Angeline Close Scheinbaum, Ph.D.
University of Texas at Austin

luxuries

With three, seven-point semantic-differentials, this scale measures the extent to which a consumer believes a product to be either a luxury brand (at one end) or a “value” brand (at the other end).

The degree to which luxury brands are viewed as expressing something about one's self (beliefs, attitudes, values) is measured with this scale using four, seven-point Likert-type items.

Four, seven-point items are used to measure the degree to which luxury brands are viewed as facilitating self-expression and helping to project a particular image in social settings.

Seven, seven-point items are used to measure the expected likelihood that a certain hotel chain has several particular benefits characteristic of a higher quality establishment.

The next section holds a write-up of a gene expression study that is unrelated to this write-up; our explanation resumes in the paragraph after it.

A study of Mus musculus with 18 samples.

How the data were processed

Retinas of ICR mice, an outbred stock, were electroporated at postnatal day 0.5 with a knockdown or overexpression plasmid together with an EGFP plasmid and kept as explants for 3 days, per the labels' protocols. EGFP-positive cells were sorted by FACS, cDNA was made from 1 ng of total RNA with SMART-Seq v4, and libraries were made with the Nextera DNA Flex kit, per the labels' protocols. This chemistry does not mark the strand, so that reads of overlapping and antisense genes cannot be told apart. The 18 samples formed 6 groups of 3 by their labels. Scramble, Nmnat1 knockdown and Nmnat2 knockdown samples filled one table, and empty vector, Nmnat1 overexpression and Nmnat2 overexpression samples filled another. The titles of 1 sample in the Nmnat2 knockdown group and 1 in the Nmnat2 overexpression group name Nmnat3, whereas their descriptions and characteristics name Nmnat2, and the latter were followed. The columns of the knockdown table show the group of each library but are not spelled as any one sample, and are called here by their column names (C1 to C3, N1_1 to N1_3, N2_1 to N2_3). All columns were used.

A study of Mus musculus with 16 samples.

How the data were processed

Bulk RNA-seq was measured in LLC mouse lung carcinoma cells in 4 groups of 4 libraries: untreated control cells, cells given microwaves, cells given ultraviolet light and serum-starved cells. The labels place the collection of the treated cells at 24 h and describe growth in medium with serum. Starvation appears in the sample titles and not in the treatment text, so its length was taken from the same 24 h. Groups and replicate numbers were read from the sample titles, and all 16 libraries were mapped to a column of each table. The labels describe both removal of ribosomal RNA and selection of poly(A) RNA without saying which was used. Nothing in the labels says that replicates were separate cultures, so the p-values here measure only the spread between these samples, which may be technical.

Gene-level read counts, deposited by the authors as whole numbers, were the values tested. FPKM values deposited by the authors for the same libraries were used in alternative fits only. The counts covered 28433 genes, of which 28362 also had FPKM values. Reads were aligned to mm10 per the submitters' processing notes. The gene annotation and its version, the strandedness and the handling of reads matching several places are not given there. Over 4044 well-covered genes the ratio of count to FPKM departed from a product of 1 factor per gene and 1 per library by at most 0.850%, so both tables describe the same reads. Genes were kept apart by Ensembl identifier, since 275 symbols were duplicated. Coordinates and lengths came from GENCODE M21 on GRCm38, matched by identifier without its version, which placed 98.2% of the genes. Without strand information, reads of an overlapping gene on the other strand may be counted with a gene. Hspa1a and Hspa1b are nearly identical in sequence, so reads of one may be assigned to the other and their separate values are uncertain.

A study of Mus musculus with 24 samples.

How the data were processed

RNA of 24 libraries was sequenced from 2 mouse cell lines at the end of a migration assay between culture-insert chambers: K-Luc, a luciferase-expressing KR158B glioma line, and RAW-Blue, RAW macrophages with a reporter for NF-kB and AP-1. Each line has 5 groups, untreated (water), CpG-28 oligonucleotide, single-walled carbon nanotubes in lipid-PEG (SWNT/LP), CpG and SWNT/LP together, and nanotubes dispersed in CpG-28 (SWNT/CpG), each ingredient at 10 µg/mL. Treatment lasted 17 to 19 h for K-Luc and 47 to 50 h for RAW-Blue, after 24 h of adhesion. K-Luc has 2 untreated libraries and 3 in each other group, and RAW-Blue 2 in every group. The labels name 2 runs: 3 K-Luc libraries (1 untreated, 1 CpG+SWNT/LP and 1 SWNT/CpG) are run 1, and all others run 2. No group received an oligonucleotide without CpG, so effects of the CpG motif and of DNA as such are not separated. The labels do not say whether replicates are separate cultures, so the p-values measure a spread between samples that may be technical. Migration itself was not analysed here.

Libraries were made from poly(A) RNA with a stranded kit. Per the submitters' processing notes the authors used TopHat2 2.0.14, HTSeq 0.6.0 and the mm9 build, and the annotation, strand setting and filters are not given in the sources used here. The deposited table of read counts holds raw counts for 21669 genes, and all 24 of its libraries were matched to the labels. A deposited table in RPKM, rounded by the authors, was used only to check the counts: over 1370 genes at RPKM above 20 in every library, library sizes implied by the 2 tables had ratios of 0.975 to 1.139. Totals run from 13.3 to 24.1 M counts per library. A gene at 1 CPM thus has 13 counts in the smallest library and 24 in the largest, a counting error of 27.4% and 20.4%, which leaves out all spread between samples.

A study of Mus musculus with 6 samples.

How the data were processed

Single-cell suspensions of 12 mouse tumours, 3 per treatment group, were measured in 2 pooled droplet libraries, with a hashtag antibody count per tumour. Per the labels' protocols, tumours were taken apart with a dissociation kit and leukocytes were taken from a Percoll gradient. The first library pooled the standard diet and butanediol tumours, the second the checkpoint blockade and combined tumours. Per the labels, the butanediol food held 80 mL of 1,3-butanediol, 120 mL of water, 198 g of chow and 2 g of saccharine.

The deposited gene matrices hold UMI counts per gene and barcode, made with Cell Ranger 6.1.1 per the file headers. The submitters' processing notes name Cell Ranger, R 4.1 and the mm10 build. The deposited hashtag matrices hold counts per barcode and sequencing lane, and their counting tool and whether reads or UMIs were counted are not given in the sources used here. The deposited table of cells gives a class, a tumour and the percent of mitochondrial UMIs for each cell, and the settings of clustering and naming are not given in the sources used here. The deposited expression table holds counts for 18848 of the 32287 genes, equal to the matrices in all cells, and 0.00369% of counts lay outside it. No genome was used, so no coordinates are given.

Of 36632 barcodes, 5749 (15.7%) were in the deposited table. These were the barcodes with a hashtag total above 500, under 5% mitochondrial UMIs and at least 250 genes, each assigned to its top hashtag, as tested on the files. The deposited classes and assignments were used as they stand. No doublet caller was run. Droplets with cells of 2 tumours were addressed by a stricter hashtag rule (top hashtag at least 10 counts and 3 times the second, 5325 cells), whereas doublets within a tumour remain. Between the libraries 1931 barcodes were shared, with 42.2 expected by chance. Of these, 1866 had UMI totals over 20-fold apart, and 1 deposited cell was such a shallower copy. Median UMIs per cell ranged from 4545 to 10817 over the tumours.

The level of pleasure a person thinks he/she would receive from eating a particular food item is measured with three, five point Likert-type items. Given the phrasing of item #2, the food is a treat rather than something common. In the study by Naylor et al. (2008), participants responded to this scale with respect to a chocolate featured in an advertisement by a chocolatier.

The scale is composed of four, five point Likert-type items that are intended to measure the degree to which a person attributes social meaning to a recent experience at a resort/spa.

The four, seven-point items in this scale measure the degree to which a person describes an object such as a product or person as having the quality of elegance, beauty, and status. The scale was called perceptions of luxury index by Hagtvedt and Patrick (2008).

This scale has six, six-point Likert-type items that are intended to measure the degree to which a person believes that a product is either a "luxury" or a "necessity" for the majority of people.